In addition to the Adam room containing a variety of furniture, two particularly interesting interiors are given to show the close correspondence in spirit existing between the various nationalities. One of these is an American salon, that of Thomas Jefferson at Monticello, Virginia, designed by himself in the style of the Classic Revival. The furniture is that of Louis Seize, and what an admirable interior it is 1 (Plate 168.) The other is modern, by American architects, and in this the background is Louis Seize while the furniture is of various British and American styles (Plate 169).

In a preceding section it was mentioned that historic houses would naturally contain furniture of several successive periods. We continually see this in British homes, and have grown so used to the real incongruity sometimes resulting therefrom that it is less noticeable, or more forgivable, to us than would be such differences in the residences of foreign countries. It is undeniable that the national spirit pervading the furniture of any country does make for a certain unity. Notwithstanding differences of influence we may use William and Mary, Queen Anne, Chippendale and Neo-Classic furniture in one house, but we must be careful how we assemble these in the different rooms. Most certainly we should not put Queen Anne and Sheraton or Adam in close environment. Judgment should be used even in combining William and Mary and Queen Anne pieces. These two with some phases of Chippendale form one group, and other phases of Chippendale with Adam, Hepplewhite and Sheraton form another. That straight-line pieces of William and Mary will accompany even Sheraton is shown in Plate 79 B. As has been pointed out there are foreign pieces corresponding with each group that may be used therewith for the securing of interest.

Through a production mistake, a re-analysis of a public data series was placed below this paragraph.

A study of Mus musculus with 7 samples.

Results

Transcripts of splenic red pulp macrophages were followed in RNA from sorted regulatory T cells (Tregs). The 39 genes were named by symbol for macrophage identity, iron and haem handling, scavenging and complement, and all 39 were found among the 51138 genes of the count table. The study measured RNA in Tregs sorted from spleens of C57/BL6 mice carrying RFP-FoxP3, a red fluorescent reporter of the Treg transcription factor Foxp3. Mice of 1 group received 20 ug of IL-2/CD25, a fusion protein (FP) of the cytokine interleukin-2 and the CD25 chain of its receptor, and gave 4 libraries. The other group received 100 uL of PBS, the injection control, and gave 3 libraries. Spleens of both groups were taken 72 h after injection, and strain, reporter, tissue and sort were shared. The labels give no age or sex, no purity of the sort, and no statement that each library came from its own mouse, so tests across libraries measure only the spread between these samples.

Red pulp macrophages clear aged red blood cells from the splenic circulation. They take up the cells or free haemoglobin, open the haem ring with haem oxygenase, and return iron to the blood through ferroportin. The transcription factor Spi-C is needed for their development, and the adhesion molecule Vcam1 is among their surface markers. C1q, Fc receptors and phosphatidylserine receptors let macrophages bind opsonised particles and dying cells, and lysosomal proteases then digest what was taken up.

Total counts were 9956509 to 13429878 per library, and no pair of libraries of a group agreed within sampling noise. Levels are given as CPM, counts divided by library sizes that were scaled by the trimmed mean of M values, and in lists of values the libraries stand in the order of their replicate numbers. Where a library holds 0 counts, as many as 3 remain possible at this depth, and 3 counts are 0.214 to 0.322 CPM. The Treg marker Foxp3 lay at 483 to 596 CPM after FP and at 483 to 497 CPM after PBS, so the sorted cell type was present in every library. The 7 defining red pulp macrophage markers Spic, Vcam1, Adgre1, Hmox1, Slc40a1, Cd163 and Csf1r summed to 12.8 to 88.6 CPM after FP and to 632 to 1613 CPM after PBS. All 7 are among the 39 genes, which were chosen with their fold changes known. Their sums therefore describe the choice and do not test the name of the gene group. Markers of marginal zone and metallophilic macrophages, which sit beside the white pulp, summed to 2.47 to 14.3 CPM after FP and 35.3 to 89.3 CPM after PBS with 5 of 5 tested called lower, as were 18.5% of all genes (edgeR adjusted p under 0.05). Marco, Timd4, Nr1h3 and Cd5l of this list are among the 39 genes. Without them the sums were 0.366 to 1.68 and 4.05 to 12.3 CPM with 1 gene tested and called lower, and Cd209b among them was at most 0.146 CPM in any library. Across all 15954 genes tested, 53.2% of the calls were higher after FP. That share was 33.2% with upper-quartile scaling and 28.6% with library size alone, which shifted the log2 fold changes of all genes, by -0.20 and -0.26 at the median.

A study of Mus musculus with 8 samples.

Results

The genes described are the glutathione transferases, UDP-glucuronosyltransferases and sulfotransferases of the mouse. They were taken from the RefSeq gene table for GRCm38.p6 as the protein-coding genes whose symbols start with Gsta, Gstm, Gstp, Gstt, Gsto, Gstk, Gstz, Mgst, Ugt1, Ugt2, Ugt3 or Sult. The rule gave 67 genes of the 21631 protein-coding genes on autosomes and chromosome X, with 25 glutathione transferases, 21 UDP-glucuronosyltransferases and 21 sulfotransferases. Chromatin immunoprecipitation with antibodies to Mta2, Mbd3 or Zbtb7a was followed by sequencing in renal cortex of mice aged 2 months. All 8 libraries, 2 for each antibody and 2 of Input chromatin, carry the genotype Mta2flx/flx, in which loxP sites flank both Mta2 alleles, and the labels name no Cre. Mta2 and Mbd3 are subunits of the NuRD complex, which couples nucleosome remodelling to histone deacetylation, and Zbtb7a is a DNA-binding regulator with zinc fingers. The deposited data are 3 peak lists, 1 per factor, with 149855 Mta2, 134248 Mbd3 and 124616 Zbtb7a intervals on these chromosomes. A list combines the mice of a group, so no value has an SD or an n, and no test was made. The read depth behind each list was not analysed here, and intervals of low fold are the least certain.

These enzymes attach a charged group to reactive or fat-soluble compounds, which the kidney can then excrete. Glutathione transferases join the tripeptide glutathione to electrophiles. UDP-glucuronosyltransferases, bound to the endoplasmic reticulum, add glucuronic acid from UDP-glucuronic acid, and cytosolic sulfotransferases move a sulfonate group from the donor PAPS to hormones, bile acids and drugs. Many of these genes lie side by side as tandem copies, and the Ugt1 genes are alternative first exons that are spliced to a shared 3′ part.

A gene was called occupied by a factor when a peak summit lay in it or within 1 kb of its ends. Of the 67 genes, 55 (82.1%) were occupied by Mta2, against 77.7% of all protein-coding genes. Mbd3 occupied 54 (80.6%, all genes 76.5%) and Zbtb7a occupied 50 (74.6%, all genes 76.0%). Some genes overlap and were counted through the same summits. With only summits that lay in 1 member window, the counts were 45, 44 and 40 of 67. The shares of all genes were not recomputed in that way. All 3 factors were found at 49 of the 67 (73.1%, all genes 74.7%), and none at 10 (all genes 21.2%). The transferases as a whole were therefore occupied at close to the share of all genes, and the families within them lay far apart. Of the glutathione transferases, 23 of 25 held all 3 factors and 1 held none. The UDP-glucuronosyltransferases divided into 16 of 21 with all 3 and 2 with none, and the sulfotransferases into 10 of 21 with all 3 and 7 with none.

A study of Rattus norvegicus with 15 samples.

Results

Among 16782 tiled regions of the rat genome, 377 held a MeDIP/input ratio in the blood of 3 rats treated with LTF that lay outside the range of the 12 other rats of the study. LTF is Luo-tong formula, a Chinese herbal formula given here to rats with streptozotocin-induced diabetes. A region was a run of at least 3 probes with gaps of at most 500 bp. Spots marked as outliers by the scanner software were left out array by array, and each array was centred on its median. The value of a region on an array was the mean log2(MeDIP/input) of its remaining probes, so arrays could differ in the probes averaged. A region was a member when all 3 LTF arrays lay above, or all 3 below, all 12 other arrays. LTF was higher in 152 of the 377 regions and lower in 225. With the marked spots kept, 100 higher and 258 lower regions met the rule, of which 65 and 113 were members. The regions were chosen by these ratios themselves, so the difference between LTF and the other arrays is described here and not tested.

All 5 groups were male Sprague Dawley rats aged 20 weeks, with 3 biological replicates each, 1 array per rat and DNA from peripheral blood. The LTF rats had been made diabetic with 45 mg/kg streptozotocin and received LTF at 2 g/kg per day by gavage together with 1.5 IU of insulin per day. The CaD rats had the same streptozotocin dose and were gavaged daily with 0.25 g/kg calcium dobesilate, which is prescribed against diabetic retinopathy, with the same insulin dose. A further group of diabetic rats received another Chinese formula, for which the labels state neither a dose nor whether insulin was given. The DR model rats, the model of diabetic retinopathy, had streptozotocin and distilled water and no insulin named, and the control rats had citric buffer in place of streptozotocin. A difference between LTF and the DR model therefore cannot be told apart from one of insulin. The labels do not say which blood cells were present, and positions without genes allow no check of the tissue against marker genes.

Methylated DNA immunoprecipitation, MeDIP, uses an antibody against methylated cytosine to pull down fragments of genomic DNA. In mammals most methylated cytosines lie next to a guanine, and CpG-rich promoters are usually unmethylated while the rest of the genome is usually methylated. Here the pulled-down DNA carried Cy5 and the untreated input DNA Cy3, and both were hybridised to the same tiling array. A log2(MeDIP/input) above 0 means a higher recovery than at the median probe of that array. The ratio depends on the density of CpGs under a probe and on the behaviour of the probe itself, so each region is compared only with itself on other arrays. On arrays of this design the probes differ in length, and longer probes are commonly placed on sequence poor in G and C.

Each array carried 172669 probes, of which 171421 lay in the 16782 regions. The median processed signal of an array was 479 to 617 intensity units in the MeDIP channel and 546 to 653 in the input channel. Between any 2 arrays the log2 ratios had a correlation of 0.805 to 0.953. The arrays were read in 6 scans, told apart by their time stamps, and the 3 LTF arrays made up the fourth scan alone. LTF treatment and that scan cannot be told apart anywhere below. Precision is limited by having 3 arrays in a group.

A like procedure should be followed with French interiors. In the houses of that country we occasionally find the background of one period accompanied by furniture of another period or of two or more mingled together. It would be preferable that each interior be accompanied by its appropriate furniture, though, as has been said, the restrained forms of Louis XV go better with the succeeding style than might be expected. If mingling must be done in the same house the way to do it is shown by three rooms of the Murat Mansion as follows:


Louis Seize panelled walls, Louis Quinze furniture.


Louis Seize fabric-covered walls, Directoire furniture.


Louis Seize panelled walls, Louis Seize furniture.

This is certainly better than the inconsiderate jumbling of anything and everything from all over Europe and from the fifteenth century to the nineteenth, seemingly the vogue in many new palatial American houses. Notwithstanding occasional divagations, Laurence Sterne was right - "They order this matter better in France."